On April 17, 2020, the Equal Employment Opportunity Commission ("EEOC") updated its technical assistance for employers, "What You Should Know About COVID-19 and the ADA, the Rehabilitation Act, and Other EEO Laws."
In its guidance, the EEOC focuses on return-to-work issues in addition to reasonable accommodation and undue hardship matters due to COVID-19.
The EEOC's guidance notes that as government stay-at-home orders and other restrictions are modified or lifted, employers can take steps consistent with the ADA to screen employees for COVID-19 when entering the workplace. The Americans with Disabilities Act ("ADA") permits employers to make disability-related inquiries and conduct medical exams if they are job related and consistent with business necessity. Inquiries and reliable medical exams meet this standard if it is necessary to exclude employees with a medical condition that would pose a direct threat to health or safety. Employers will be compliant with the ADA as long as any screening implemented is consistent with advice from the CDC and public health authorities for that type of workplace at that time. Such screening may include, for example, taking temperatures and asking questions about symptoms (or requiring self-reporting) of all employees entering the workplace. Employers should ensure that they are not engaging in unlawful disparate treatment based on protected characteristics in decisions related to screening and exclusion.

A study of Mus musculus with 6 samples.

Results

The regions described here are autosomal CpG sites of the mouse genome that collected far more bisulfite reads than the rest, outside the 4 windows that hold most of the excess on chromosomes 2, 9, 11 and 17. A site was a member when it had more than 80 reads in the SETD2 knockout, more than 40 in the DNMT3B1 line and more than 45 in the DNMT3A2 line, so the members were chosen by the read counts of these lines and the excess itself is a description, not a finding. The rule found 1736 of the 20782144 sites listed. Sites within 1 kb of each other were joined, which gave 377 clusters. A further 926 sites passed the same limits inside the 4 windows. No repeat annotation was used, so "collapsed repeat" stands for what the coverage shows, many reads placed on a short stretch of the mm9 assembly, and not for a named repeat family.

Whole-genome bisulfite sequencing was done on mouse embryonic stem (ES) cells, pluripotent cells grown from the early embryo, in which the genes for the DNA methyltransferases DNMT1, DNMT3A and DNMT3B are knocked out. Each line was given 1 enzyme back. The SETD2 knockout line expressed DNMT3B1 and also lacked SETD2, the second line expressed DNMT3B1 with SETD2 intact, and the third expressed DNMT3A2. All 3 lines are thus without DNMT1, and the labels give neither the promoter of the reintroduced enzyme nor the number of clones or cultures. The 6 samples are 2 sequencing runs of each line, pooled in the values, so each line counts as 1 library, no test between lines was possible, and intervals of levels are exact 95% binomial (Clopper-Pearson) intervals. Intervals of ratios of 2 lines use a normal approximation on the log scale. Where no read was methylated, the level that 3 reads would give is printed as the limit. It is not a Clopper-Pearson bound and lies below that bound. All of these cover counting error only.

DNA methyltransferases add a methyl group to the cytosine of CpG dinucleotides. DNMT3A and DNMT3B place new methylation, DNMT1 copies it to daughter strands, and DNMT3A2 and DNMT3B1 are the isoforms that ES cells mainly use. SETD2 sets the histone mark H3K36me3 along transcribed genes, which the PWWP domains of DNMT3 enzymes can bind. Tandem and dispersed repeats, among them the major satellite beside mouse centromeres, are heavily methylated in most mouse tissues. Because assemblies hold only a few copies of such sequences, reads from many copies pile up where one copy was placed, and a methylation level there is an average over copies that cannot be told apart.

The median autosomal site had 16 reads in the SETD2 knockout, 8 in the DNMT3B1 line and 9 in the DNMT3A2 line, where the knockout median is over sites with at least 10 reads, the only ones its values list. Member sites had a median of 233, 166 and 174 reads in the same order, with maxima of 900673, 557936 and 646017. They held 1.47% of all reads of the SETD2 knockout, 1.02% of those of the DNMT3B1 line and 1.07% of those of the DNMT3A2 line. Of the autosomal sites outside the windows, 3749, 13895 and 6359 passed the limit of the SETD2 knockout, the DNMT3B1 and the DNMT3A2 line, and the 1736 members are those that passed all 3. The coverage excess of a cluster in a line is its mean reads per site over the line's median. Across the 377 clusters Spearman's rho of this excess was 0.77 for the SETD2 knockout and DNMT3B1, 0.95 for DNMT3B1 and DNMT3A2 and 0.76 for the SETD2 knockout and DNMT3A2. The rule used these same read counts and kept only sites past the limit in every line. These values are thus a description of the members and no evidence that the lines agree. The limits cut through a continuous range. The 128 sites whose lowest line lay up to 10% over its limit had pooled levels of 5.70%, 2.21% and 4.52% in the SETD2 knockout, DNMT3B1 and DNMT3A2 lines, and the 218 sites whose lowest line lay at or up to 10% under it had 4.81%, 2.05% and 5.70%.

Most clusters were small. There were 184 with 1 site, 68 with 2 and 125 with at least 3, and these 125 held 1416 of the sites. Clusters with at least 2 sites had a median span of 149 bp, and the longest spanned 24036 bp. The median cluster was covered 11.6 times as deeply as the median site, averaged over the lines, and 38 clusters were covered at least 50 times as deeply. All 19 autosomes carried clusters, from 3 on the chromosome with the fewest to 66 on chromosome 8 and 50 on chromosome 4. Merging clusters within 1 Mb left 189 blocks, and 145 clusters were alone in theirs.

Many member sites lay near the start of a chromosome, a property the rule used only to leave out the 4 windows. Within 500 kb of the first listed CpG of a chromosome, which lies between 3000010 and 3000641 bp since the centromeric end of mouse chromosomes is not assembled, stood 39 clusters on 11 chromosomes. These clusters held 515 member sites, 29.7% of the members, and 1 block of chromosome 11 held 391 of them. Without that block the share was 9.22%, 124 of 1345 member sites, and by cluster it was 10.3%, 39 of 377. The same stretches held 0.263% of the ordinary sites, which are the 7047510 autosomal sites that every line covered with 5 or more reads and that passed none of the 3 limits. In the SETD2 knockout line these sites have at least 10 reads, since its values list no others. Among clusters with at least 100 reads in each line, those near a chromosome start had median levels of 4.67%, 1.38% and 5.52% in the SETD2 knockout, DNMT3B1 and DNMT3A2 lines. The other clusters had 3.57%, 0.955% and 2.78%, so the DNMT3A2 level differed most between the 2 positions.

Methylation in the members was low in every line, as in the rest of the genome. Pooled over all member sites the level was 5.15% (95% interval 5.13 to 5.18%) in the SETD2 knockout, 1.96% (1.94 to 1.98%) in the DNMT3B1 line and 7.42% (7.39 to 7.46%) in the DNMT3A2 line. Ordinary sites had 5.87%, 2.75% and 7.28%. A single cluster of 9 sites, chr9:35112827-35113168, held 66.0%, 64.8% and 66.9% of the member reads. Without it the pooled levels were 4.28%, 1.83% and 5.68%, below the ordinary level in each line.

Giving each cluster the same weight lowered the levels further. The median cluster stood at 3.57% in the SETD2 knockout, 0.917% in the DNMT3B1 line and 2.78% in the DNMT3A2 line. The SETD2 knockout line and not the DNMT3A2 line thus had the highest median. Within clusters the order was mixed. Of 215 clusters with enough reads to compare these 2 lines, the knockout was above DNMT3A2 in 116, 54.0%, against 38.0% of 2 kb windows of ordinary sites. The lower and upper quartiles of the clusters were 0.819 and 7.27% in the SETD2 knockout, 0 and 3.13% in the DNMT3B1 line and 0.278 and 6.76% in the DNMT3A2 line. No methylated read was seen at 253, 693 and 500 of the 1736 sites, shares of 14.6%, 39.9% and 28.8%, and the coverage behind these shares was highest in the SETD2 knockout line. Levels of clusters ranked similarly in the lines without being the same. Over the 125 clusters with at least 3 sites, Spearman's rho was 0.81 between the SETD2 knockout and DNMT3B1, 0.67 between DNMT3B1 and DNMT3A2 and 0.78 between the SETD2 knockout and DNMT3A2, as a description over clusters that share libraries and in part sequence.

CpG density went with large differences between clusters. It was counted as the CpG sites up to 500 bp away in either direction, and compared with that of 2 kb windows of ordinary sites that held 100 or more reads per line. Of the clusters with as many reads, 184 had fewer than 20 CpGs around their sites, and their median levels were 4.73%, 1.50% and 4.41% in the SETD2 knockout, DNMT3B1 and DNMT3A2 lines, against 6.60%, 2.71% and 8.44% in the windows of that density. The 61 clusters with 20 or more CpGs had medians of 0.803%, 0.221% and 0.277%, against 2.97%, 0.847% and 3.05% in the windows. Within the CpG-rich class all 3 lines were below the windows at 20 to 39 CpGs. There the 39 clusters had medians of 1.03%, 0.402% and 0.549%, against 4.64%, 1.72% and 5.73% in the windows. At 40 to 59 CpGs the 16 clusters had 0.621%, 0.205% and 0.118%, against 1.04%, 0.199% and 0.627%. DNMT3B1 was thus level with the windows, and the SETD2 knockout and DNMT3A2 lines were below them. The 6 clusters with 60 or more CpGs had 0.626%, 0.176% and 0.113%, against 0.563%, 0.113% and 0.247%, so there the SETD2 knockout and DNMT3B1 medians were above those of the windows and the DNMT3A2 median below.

Employers may require employees to wear protective gear (such as masks and gloves) and observe infection control practices (such as regular hand washing and social distancing protocols). Where an employee with a disability needs a related reasonable accommodation under the ADA (such as non-latex gloves, modified face masks for interpreters or others who communicate with an employee who uses lip reading, or gowns designed for individuals who use wheelchairs) or a religious accommodation under Title VII of the Civil Rights Act (such as modified equipment due to religious garb), the employer should provide the modification or an alternative that is not an undue hardship on the operation of the employer's business under the ADA or Civil Rights Act.
For more information about the EEOC's guidance, please contact CCB Law.